By Lori Montgomery

Rep. Paul Ryan, the incoming chairman of the powerful House Ways and Means Committee, laid out an expansive agenda Wednesday for 2015, including a GOP alternative to the Affordable Care Act and a fix for the looming shortfall in the federal disability insurance program.

An overhaul of the nation’s tax laws will also rank high on the agenda when Ryan (R-Wis.) takes the helm of the tax-writing panel in January.

However, Ryan acknowledged significant hurdles to passing tax reform during President Obama’s final years in office, and said far-reaching legislation may have to wait until a new president is seated in 2017.

“We’d like to do it sooner rather than later, but we don’t control everything,” Ryan said in an interview. He cited Obama’s longstanding refusal to roll out his own tax plan as well as the president’s recent decision to forge ahead with a unilateral ban on the deportation of some undocumented immigrants — a move that has inflamed Republicans.

“How the president starts his relationship with the new Congress will do a lot to set the tone, and so far, it doesn’t look good,” Ryan said.

Ryan declined to say whether he would try to advance tax legislation without White House cooperation. But he left the door open when asked whether he would follow the lead of Senate Republican Leader Mitch McConnell (R-Ky), who has expressed a new willingness to set aside efforts to overhaul the individual tax code and focus on reforming tax laws for businesses, where there is more hope of bipartisan agreement. McConnell invited Obama to negotiate on business tax reform after Republicans consolidated their hold on Congress earlier this month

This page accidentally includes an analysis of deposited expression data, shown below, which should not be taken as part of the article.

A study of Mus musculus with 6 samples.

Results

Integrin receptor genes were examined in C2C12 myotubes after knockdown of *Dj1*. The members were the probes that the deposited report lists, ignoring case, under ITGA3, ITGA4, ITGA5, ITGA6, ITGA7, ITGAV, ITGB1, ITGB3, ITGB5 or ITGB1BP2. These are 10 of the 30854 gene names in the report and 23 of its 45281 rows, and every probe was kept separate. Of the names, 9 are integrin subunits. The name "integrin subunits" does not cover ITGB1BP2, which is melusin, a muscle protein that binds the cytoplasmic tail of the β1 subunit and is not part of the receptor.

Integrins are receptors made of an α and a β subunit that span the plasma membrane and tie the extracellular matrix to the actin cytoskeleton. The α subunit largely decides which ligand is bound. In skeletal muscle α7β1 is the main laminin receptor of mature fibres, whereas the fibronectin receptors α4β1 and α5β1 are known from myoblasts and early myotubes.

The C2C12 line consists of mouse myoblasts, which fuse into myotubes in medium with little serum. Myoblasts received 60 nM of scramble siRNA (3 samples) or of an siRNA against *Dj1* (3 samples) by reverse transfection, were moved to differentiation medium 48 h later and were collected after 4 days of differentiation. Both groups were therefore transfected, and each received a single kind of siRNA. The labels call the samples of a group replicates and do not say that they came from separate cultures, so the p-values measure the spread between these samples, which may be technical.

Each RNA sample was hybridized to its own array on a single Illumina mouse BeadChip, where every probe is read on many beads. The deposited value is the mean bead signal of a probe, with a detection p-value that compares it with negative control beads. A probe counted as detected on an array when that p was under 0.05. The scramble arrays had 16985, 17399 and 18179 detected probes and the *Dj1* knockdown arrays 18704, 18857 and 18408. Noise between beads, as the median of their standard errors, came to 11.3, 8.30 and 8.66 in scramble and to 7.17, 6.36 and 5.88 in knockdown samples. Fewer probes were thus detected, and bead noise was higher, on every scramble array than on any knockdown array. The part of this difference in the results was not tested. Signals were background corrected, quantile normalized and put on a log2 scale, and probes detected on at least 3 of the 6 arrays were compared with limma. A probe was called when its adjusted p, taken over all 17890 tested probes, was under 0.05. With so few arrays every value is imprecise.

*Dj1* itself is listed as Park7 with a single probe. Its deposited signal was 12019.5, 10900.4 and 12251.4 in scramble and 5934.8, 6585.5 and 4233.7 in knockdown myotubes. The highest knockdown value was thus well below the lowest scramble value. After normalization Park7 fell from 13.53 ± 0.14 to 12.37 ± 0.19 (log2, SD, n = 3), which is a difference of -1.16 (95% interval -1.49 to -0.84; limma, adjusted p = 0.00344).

“I don’t want to foreclose any option,” Ryan said. “There is a sense of urgency around this issue regarding competitiveness and corporate inversions. The question is whether the president will nurture a working relationship with Congress that’s conducive to finding common ground.”

Ryan, who was the Republican vice presidential nominee in 2012, is one of the GOP’s most important thinkers on fiscal and economic policy. He has chaired the House Budget Committee since 2011, producing a series of austere spending plans that proposed to wipe out deficits over the next 10 years, lower the top tax rate from 39.6 percent to 25 percent and replace the open-ended Medicare guarantee with a government voucher.

As chairman of Ways and Means, Ryan will have the authority to produce legislation to implement those ideas. He replaces retiring Rep. Dave Camp (R-Mich.), who declined to pursue Ryan’s Medicare plan when it became a political hot potato in 2011. Earlier this year, Camp released a tax reform draft that showed the enormous difficulty of achieving Ryan’s goal of getting tax rates down to 25 percent.

Ryan has said it would be easier to hit that target if the Congressional Budget Office used a process called “dynamic scoring” to measure broad effects on the economy when judging tax legislation. While CBO already uses dynamic scoring on a limited basis, Ryan said Wednesday he will have additional recommendations in the new Congress “for making sure we take these things into consideration.”